The first half of the 1900s was a period of turmoil throughout the world. In 1914, a war broke out in Europe that soon grew to be World War I. Although it ended in 1918, anger over the peace settlement and poor economic conditions following the war led to World War II. The same period also saw the rise of communism in Russia and neighboring countries. Chapter 37 discusses the worldwide conflicts and changes in the first half of the twentieth century.
Section 1 discusses the causes, events, and results of World War I, also called the Great War. The section explains why the war differed from any earlier war, describing the type of fighting that took place, the number of casualties, and the fact that civilians were attacked. President Wilson's Fourteen Points, the Treaty of Versailles, and the League of Nations are explained. A map illustrates how Europe was changed by World War I.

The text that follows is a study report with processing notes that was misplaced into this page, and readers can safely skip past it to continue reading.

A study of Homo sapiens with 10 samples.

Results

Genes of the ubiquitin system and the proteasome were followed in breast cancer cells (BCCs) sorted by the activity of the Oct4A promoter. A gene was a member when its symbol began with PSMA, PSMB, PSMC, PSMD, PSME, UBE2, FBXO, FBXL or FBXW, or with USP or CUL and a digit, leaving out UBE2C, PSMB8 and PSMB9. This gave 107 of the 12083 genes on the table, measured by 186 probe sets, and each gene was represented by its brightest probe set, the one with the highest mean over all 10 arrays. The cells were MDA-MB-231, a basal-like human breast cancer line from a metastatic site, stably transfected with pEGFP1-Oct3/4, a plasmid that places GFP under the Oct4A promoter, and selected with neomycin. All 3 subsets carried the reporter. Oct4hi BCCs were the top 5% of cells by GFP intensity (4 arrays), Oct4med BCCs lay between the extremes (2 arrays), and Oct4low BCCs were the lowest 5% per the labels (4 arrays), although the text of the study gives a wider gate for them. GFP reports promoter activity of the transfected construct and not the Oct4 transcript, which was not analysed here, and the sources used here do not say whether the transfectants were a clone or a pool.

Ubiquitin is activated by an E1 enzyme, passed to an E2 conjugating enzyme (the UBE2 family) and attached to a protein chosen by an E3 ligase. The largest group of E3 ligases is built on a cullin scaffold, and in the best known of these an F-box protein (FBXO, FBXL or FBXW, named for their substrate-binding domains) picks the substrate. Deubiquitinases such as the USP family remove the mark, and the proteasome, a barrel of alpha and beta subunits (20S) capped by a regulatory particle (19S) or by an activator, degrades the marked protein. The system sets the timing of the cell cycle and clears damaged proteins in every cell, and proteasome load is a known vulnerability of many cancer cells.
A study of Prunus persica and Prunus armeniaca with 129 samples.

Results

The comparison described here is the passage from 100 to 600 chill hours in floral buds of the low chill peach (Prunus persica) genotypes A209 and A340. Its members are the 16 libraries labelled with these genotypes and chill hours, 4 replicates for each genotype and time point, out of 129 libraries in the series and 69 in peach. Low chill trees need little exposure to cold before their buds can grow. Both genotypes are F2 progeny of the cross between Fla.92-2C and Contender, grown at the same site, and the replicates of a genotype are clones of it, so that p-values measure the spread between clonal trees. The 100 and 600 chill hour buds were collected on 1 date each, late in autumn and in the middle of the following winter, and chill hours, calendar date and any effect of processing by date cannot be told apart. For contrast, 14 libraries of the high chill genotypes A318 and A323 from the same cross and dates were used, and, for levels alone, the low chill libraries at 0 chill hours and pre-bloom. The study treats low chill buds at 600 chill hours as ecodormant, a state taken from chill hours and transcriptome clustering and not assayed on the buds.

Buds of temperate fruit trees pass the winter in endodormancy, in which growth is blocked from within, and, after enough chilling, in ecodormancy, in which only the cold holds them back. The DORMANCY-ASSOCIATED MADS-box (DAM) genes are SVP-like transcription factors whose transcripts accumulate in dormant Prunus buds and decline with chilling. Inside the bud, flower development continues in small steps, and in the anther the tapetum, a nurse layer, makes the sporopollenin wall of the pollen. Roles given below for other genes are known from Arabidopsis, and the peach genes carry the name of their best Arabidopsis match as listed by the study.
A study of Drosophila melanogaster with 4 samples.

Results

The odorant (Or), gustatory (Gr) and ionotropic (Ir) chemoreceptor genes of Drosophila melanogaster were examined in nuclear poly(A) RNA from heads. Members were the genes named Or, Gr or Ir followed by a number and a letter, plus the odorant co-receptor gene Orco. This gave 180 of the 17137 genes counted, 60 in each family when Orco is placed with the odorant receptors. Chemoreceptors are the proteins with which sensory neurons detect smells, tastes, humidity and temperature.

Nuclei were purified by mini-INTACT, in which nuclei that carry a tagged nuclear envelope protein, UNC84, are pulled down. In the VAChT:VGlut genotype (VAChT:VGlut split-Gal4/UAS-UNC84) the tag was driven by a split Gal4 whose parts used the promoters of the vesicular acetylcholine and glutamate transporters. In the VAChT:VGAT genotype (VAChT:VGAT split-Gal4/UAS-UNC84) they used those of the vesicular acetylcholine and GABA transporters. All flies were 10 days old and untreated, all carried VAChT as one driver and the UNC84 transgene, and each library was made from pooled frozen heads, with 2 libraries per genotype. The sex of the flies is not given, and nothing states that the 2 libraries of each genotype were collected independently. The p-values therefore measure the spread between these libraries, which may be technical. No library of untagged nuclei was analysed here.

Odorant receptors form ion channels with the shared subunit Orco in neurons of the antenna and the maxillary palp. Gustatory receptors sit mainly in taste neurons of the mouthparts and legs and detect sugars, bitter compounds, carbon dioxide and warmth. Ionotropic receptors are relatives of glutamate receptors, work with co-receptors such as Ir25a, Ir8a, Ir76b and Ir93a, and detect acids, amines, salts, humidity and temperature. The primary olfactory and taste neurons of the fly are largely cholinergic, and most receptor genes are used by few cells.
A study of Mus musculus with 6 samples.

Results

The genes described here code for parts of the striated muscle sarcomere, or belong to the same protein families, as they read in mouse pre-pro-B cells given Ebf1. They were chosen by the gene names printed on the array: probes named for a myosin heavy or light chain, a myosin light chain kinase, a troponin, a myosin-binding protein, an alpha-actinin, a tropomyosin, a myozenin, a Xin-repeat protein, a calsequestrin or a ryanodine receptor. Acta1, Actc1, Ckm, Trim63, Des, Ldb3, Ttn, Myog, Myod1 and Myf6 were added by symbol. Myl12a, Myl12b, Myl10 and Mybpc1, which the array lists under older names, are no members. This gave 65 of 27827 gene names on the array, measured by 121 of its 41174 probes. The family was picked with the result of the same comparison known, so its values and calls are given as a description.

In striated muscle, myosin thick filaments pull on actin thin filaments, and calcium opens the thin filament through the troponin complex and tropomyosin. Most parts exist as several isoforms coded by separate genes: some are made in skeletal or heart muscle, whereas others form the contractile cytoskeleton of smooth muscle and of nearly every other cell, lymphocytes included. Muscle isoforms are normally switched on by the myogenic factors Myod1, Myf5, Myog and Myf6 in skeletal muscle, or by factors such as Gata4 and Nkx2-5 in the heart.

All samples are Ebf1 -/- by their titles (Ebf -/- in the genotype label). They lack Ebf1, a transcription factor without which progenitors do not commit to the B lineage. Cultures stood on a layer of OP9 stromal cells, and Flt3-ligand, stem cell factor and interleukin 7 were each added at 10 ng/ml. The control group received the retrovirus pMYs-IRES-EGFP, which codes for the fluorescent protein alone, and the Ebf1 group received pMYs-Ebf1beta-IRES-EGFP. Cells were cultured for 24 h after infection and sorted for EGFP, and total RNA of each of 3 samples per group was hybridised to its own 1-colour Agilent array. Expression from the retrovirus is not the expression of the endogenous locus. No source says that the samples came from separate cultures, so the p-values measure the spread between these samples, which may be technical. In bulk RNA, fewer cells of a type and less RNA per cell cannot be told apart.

Section 2 deals with the period between World War I and World War II. The section explains how communism developed in Russia, how economic depression affected most of the industrialized countries of the world, including the United States, why Italy and Germany each became a dictatorship, and the events that again led the world to war.
Section 3 focuses on World War II, which was fought by the Allied Powers (Great Britain, France, the Soviet Union, and the United States) and the Axis Powers (Germany, Italy, and Japan). The section details the events of the war in Europe, Asia, and the Pacific, as well as the aftermath and results of the war.